1001 Classic Movies: The Snake Pit

The Snake Pit (1948), starring Olivia de Havilland, is one of the 1001 classic movies you should see.

Each Monday, I'm going to recommend a classic movie you should see (for the reasons behind the 1001 series and reviews of earlier films covered go here). Old Hollywood legend Olivia de Havilland celebrated her 100th birthday on July 1, so this month I'm honoring her centennial by looking at three of her best movies. Today's selection is the searing psychological drama, The Snake Pit (1948).

The Snake Pit tells the story of Virginia Cunningham (de Havilland), a troubled young woman who ends up in a New York state mental hospital after a nervous breakdown. Virginia endures a variety of cruel treatments like shock therapy and hydrotherapy before recovering somewhat because of the treatment of a kindly psychiatrist, Dr. Kik (Leo Genn). However, after Virginia is goaded by an unfriendly nurse (Helen Craig) she ends up in the hospital's worst ward, which is known as the snake pit.

The Snake Pit is based on a semi-autobiographical novel by Mary Jane Ward about her time in a state mental asylum. 20th Century Fox chief Darryl Zanuck acquired the rights for director Anatole Litvak and star Gene Tierney, but after Tierney became pregnant Litvak requested and got de Havilland, who threw herself into research for the project by visiting several mental institutions and watching shock treatments and therapy sessions. The result was a critical and box-office hit (it broke box-office records in the United Kingdom) that helped reform some of the practices in state mental hospitals.

By 1948, de Havilland had one Academy Award under her belt (for To Each His Own), and she was considered one of the best actresses in Hollywood; however, de Havilland's performance in The Snake Pit put her on another level. She threw herself into the project with her usual dedication, and the result is a performance completely without vanity. De Havilland set aside all movie star glamour -- she looks disheveled for most of the picture -- for a raw performance that is only equaled by her great work in The Heiress (1949).

The Snake Pit Viewer's Guide: This searing psychological drama set the template for later films like One Flew Over the Cuckoo's Nest (1975). Here's what to look for when you watch:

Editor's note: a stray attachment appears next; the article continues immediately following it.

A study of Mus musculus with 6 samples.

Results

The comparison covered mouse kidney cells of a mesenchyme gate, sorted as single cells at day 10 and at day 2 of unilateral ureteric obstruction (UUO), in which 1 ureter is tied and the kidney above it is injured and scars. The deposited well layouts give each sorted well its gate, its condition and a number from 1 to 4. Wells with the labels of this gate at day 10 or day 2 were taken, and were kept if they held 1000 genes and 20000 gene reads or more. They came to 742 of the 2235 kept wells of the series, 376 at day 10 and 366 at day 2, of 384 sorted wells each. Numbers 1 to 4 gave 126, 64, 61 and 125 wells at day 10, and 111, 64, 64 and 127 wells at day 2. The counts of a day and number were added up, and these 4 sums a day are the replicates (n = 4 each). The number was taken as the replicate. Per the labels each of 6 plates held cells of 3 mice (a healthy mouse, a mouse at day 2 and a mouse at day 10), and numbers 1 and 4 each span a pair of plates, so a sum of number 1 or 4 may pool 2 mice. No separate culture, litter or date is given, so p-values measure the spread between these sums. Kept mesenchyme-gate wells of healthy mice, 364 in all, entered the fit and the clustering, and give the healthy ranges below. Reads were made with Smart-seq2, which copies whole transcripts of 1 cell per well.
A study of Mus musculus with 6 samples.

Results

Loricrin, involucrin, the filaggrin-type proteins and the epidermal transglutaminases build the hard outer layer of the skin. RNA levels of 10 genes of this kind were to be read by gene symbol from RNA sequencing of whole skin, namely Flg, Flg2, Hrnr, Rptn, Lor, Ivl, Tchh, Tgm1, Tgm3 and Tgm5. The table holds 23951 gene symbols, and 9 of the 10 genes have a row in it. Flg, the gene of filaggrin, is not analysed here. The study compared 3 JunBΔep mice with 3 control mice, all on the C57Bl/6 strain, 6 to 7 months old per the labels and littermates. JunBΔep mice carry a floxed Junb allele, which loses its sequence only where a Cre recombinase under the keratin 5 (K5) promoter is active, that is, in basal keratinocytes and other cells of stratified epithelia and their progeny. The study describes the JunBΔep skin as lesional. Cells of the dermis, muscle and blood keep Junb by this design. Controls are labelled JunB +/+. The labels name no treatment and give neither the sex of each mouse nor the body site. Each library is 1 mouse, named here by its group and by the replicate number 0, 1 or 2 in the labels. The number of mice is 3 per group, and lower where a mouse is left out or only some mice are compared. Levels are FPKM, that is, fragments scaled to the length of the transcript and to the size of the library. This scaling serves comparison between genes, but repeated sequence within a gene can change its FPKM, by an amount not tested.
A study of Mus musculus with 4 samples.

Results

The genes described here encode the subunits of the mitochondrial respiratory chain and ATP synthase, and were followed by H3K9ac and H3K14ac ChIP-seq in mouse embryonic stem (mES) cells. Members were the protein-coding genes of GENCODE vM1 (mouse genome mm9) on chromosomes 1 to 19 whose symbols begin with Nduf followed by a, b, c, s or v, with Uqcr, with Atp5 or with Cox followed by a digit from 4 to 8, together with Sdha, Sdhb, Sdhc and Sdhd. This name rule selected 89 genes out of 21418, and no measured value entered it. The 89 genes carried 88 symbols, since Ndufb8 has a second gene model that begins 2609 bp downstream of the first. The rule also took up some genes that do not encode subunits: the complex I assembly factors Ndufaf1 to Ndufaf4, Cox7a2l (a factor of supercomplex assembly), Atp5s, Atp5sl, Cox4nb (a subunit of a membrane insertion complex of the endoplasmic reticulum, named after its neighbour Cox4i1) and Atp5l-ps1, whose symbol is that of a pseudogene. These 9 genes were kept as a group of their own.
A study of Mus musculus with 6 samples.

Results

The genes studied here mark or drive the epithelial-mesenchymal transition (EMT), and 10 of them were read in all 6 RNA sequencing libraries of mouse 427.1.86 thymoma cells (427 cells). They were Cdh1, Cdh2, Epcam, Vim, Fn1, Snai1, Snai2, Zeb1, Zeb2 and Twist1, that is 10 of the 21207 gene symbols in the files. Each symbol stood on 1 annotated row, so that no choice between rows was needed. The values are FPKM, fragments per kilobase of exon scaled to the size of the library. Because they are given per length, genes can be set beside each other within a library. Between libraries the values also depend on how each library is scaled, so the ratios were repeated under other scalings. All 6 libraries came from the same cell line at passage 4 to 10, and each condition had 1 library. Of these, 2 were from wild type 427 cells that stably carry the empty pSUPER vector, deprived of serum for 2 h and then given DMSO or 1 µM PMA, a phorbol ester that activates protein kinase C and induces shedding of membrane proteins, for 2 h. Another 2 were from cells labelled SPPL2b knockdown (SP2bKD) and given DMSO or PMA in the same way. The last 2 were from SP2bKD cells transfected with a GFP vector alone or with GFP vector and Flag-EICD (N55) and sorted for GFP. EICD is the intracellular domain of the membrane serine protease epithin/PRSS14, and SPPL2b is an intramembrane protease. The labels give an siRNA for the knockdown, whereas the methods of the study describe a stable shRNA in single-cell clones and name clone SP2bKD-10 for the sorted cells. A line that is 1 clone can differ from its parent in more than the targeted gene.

1. State mental hospitals. As depicted in The Snake Pit, many state mental hospitals in the 1940's were prison-like institutions that were unsanitary and used cruel treatments. The film's success resulted in wide-spread reforms throughout the U.S.
2. Leo Genn. This movie belongs to de Havilland, but Genn gives a sensitive performance as the caring psychiatrist who takes a personal interest in Virginia's case. Dr. Kik, who has a portrait of Sigmund Freud on his office wall, prefers the talking cure to harsher methods like shock therapy, and it's not hard to imagine that in different circumstances he and Virginia could have been friends or even romantically involved.
3. "Goin' Home." The best scene in The Snake Pit is Jan Clayton's performance of the folk song "Goin' Home" at the hospital's dance. It is a deeply touching moment that is beautifully directed by Litvak with a stunning crane shot at the end.
4. Beulah Bondi. There's not much levity in The Snake Pit, but Bondi gives a wonderful comic performance as an eccentric inmate, who puts on aristocratic airs. She claims to own the Hope Diamond and a priceless gem called the "Hopeless Emerald."

Other critics: The Snake Pit  has a 100 percent fresh rating at Rotten Tomatoes, and Leonard Maltin calls it "one of the first films to deal intelligently with mental breakdowns and the painfully slow recovery process" in a three and 1\2 star review for his Classic Movie Guide. Critics in 1948 also handed out raves. Gossip columnist Louella Parsons declared that the movie's handling of state mental institutions was "the most courageous subject ever attempted on the screen," while  The New York Times critic Bosley Crowther praised Zanuck and Litvak, writing that "They stuck rigidly to documented facts, and they shunned the obvious temptation to melodramatize insanity. The consequence is that their picture. . . is a true, illuminating presentation of the experiences of a psychotic in an institute. It is a cryptic but trenchant revelation of a crying need for better facilities for mental care. And although it is frequently harrowing, it is a fascinating and deeply moving film."

Mark Stevens and Olivia de Havilland study the script for The Snake Pit (1948).
The bottom line: If you only know de Havilland from her work in Gone With the Wind, take a chance on this movie. You'll be rewarded with a complex, multi-faceted performance in a movie with a surprising amount of genuine emotion.

Availability: The Snake Pit is available on DVD and video on demand.

Next week, I'll continue the theme of Olivia de Havilland movies with the Southern gothic horror film, Hush. . . Hush, Sweet Charlotte (1964).


  1. A magnificent film.
    Oliva has said "The Snake Pit" is her personal favourite of all
    of her films. Rightly so, she is superb.

    A massive influence on "Shock Corridor" and "One Flew Over The
    Cuckoo's Nest". It deserves to be better known.